13 Henry C. Frick St. | Mt. Pleasant, PA 15666
It is fitting that Helltown Brewing is located at the end of a dead end street in Mt. Pleasant, PA. During the late 1700s, this area was a bustling crossroads on the route between Pittsburgh and Philadelphia known for whiskey production and distribution. Bootlegging and lawlessness spread, and the community became known as “Helltown.”
The recognizable devil’s tail logo was attached to the Dead End sign at Henry C. Frick Street, assuring that we were headed in the right direction. Originally an auto garage, the brewery sits at the end of the road.
The brewery opened in August 2011 by a small group of homebrewers. But it wasn’t brewing that originally brought friends Shawn and Dan together. They became friends through a mutual love for mountain biking. Eight years of homebrewing followed before deciding to take a weekend hobby to the next level.
Brewer Shawn works as a manager for an IT group for a pharmaceutical company during the day, but his passion for brewing becomes evident as he talks about the brewery and introduces me to the crew.
Dan, “the everything” as Shawn calls him, was the first full time employee of the brewery, hired about 3 months after the brewery opened its doors. His job includes, well, pretty much everything. Sara, the personality of the brewery, greets people at the door and serves up samples of the delicious brews.
The beers I tried during my visited included…
- Mischievous Brown Ale – 5.5% ABV
- Rapture IPA – 7% ABV
- Reaper’s Harvest Rye IPA – 7% ABV
- Idle Hands Double IPA – 8% ABV
- Hop Frenzy IPA – 5.5% ABV
Sara shared with me that Shawn enjoys brewing IPAs, and after sampling a few I understood why. The Reaper’s Harvest Rye IPA was my favorite, and I filled a growler of the delicious goodness to take home. We’ll be tasting that beer on a future episode of Beer Busters Podcast!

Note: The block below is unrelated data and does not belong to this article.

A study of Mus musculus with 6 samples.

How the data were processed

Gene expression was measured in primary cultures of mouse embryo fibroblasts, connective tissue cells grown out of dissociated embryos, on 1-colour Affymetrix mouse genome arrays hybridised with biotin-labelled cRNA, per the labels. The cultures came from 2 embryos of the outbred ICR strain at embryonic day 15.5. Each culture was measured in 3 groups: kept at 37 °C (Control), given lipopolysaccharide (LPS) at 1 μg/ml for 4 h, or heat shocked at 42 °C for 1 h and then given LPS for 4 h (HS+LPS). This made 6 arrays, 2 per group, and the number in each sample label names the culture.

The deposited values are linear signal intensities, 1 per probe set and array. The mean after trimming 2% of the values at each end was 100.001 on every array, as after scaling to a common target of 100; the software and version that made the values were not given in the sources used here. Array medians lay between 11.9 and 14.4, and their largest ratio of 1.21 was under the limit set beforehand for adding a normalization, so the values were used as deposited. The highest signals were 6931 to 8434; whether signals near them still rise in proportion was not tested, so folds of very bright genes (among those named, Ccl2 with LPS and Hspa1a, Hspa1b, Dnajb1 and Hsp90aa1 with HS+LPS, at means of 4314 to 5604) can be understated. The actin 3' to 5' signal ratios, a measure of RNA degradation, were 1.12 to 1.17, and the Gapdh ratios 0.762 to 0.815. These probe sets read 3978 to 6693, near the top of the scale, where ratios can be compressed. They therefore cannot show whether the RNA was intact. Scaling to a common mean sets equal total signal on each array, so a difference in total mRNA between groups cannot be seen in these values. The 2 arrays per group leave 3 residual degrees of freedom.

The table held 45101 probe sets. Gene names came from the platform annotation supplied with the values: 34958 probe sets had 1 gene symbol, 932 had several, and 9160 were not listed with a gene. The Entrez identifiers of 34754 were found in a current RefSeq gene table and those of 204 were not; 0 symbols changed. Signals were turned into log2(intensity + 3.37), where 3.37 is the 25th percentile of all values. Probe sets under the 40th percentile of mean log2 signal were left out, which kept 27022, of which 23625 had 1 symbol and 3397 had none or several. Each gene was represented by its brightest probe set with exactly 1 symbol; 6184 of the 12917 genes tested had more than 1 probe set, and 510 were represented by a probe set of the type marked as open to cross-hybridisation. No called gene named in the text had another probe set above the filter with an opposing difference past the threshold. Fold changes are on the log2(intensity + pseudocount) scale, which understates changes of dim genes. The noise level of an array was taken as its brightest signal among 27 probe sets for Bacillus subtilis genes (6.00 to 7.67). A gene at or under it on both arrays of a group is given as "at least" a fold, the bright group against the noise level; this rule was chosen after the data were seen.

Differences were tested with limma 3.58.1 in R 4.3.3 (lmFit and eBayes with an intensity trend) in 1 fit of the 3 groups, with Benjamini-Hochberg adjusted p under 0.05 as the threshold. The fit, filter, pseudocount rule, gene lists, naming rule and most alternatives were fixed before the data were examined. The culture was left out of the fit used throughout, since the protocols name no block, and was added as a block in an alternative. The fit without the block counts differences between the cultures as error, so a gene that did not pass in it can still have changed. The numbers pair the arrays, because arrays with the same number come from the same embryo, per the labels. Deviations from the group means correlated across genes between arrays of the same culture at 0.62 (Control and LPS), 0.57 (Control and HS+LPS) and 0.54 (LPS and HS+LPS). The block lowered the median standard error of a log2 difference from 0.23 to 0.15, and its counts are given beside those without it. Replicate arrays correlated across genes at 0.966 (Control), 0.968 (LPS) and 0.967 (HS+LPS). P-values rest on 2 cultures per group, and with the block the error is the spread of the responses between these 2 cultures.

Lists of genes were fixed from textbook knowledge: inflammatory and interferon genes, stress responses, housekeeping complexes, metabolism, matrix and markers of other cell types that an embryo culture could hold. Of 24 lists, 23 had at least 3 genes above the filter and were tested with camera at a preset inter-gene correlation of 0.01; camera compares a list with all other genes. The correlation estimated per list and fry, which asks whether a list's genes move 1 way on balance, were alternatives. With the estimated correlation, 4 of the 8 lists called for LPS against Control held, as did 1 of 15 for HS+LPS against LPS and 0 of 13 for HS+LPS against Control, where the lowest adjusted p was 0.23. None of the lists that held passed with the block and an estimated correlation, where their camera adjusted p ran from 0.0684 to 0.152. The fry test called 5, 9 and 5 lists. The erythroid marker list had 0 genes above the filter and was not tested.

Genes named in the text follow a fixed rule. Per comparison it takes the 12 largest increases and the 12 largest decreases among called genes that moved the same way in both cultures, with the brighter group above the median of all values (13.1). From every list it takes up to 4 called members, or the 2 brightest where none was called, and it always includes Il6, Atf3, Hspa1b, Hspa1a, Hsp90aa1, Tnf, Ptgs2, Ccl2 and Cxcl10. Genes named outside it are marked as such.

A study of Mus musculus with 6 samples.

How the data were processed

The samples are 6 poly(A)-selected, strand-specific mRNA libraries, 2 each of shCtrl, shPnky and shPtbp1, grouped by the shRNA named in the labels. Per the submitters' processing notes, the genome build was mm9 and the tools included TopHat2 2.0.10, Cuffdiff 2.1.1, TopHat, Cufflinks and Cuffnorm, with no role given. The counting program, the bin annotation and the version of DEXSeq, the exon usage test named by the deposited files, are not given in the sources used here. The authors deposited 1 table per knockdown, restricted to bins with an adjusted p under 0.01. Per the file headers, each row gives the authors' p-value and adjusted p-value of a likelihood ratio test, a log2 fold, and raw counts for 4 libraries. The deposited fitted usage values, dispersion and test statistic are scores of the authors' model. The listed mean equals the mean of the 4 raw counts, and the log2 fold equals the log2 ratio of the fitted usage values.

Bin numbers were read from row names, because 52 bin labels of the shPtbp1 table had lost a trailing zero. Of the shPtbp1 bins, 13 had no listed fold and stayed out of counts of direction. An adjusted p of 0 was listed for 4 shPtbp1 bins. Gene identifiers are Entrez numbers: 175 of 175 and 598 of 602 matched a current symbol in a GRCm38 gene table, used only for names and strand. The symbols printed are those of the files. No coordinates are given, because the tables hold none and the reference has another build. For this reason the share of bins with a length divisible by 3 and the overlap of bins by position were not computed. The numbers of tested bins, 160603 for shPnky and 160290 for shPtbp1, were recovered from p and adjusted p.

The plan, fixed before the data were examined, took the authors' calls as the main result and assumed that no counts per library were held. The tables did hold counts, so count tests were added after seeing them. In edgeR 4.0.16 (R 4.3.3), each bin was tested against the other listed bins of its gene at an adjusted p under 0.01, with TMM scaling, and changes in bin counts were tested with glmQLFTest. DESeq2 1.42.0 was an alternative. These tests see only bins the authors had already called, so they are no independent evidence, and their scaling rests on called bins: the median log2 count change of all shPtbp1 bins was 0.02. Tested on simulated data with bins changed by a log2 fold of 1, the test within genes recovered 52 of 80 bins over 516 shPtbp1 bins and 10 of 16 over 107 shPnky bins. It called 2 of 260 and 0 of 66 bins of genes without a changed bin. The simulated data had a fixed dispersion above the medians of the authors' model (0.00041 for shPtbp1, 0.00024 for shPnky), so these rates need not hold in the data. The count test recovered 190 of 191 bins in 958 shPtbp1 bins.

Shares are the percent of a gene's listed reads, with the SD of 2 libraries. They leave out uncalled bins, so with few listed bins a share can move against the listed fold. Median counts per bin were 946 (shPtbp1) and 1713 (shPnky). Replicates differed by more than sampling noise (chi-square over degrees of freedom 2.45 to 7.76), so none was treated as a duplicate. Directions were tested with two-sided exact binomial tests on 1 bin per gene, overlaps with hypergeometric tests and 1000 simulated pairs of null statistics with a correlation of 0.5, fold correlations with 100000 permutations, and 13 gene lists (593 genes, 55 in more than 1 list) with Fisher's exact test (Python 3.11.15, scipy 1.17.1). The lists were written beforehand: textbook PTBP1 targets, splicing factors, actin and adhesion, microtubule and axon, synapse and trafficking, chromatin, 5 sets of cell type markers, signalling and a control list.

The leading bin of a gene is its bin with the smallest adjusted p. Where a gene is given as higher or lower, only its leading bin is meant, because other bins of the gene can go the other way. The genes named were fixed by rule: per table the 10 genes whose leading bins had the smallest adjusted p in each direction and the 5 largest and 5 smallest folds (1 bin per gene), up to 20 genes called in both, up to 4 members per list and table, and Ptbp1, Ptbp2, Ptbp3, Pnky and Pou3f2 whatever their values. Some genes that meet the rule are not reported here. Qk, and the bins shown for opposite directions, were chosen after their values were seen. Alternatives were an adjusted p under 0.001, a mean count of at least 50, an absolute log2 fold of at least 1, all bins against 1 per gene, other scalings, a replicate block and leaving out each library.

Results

The 15 barrel brew system came from Arctic Brewing Company in Colorado Springs. There are 30 barrel fermenters and several barrels. An imperial stout will be going into sherry barrels and possibly a barleywine in the future.
Shawn showed me the barrels in the back, which have been holding a wonderfully sour brew since September 2013. For the Kriek, which was available for sale in bottles to go, cherries were added while the beer was in stainless. Other beers that have been bottled at Helltown in the past include a Belgian Saison, Belgian Pale Ale, and the First Anniversary Stout.
Helltown brews are starting to find their way to eastern Pennsylvania, occasionally on tap at some local beer bars. Past events featuring Helltown beers have occurred at Hunger and Thirst and Highland Pizzeria, both in Lancaster, PA.
For our Philly friends, plans are in the works for Helltown to hold an event at 320 Market Cafe in Swarthmore as well as more events in the Philly area. Be sure to keep an eye on Helltown’s Facebook page for more information on upcoming events.
Whether you find yourself in “Helltown” or notice a Helltown brew on tap at your local bar, be sure to give their tasty brews a try.